On Thursday 21 September, the much-hyped Canada-European Union Comprehensive Economic and Trade Agreement (CETA) came into effect, removing tariffs of 98% on traded products.
But antibiotic usage and the place at which EU-bound meat is labelled have taken the wind out of the sector’s sails. It means Canada’s meat industry is yet to enjoy the full potential of CETA.
The sector is moving swiftly to address the barriers and it’s not hard to see why. Once addressed, tens of thousands of tonnes of duty-free pork and beef can be shipped to Europe, alongside an unlimited volume of horsemeat and prepared meats. While a small volume of specialist meat products is expected to benefit immediately, the deal, worth hundreds of millions of dollars to the meat industry, is not in full force.
Government addresses problem
Canadian Meat Council (CMC) CEO Chris White said “commercially viable access” to the EU would only be fully realised once technical barriers had been “concluded successfully”.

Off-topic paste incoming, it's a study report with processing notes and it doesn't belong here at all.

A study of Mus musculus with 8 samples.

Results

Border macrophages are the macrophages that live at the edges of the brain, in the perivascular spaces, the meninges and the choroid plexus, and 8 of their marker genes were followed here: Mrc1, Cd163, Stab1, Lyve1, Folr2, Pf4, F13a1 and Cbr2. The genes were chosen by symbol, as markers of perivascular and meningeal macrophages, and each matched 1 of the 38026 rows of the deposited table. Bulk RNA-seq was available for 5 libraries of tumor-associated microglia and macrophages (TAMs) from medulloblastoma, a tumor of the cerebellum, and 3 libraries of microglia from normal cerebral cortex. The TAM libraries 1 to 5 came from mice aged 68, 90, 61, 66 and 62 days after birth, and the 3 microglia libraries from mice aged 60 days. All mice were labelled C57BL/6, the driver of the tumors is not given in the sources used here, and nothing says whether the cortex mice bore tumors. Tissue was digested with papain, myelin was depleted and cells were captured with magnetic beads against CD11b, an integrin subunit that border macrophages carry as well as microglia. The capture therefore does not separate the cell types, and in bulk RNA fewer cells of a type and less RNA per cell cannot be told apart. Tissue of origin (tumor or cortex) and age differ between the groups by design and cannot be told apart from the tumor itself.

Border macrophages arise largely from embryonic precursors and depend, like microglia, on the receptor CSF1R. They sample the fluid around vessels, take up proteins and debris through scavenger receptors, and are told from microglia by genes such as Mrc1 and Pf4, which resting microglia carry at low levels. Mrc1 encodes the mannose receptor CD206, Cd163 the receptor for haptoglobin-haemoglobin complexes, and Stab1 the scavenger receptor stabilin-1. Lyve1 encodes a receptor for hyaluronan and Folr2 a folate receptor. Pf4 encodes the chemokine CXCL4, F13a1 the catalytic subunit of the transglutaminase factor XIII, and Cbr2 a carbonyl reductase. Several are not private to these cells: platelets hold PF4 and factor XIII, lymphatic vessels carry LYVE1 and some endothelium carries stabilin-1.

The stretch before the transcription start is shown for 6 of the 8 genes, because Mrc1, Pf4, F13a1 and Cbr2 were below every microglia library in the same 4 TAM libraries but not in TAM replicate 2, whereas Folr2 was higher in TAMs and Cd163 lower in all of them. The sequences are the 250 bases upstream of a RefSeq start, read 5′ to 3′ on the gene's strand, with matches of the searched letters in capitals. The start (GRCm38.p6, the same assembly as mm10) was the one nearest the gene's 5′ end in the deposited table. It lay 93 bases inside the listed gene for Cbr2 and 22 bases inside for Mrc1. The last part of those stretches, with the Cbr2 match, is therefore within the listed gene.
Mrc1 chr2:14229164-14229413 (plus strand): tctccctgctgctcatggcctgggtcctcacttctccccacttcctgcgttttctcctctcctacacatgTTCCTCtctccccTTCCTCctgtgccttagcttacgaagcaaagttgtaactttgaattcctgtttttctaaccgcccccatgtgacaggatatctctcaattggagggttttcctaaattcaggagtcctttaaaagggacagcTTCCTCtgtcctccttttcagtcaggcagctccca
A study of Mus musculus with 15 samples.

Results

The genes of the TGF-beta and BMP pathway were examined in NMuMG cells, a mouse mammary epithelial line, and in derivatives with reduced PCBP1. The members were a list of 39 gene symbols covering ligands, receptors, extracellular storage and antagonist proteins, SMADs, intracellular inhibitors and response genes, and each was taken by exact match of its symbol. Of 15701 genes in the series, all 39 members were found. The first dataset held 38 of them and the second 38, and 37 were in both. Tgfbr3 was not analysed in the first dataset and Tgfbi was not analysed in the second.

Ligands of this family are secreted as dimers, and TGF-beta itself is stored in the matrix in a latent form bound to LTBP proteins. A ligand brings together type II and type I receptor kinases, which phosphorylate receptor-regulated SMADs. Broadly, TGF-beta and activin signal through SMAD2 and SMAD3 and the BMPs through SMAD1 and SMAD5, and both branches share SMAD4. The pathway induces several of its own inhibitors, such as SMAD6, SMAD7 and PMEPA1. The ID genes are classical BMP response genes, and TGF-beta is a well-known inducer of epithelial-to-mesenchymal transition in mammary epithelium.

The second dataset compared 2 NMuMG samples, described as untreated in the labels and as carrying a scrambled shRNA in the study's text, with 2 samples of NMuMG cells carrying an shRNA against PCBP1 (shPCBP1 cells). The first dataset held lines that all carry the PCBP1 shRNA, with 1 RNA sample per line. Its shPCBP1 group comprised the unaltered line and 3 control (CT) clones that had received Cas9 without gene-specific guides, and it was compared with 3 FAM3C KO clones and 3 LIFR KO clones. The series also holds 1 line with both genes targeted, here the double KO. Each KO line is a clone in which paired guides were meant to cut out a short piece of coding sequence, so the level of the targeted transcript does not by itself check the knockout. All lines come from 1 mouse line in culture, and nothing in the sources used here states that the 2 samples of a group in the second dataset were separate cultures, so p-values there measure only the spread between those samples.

A timeline for removal of these barriers has not been disclosed.
However, supplementary research around Canada’s procedure for antimicrobial interventions, which CMC has claimed is carried out on food safety grounds, is underway.
Government and the Canadian meat industry are working together on research to reinforce food safety and antimicrobial efficacy data. Authorities in Canada, the US, Japan and a host of extra trading partners already accept similar data, CMC stressed.
The other sticking point is the place at which boxes of meat are labelled.
Barriers require ‘work’
The Canadian Food Inspection Agency (CFIA) has claimed boxes of meat need an EU health mark label before they can become eligible to be shipped to the EU. However, CMC said the meat industry believed this “administrative inconsistency” should be resolved swiftly by Canadian regulators.
“We ask that the Canadian and EU governments commit to the resolution of all outstanding technical barriers that prevent the provisions of the CETA from being implemented as envisaged by the negotiators,” White said in a press statement.
“While the industry recognises that certain barriers may require additional work, others should be resolvable quickly.”
A small quantity of Canadian beef and pork exports should start to benefit from CETA, but the bulk of the country’s meat trade under the agreement is still being held up by red tape.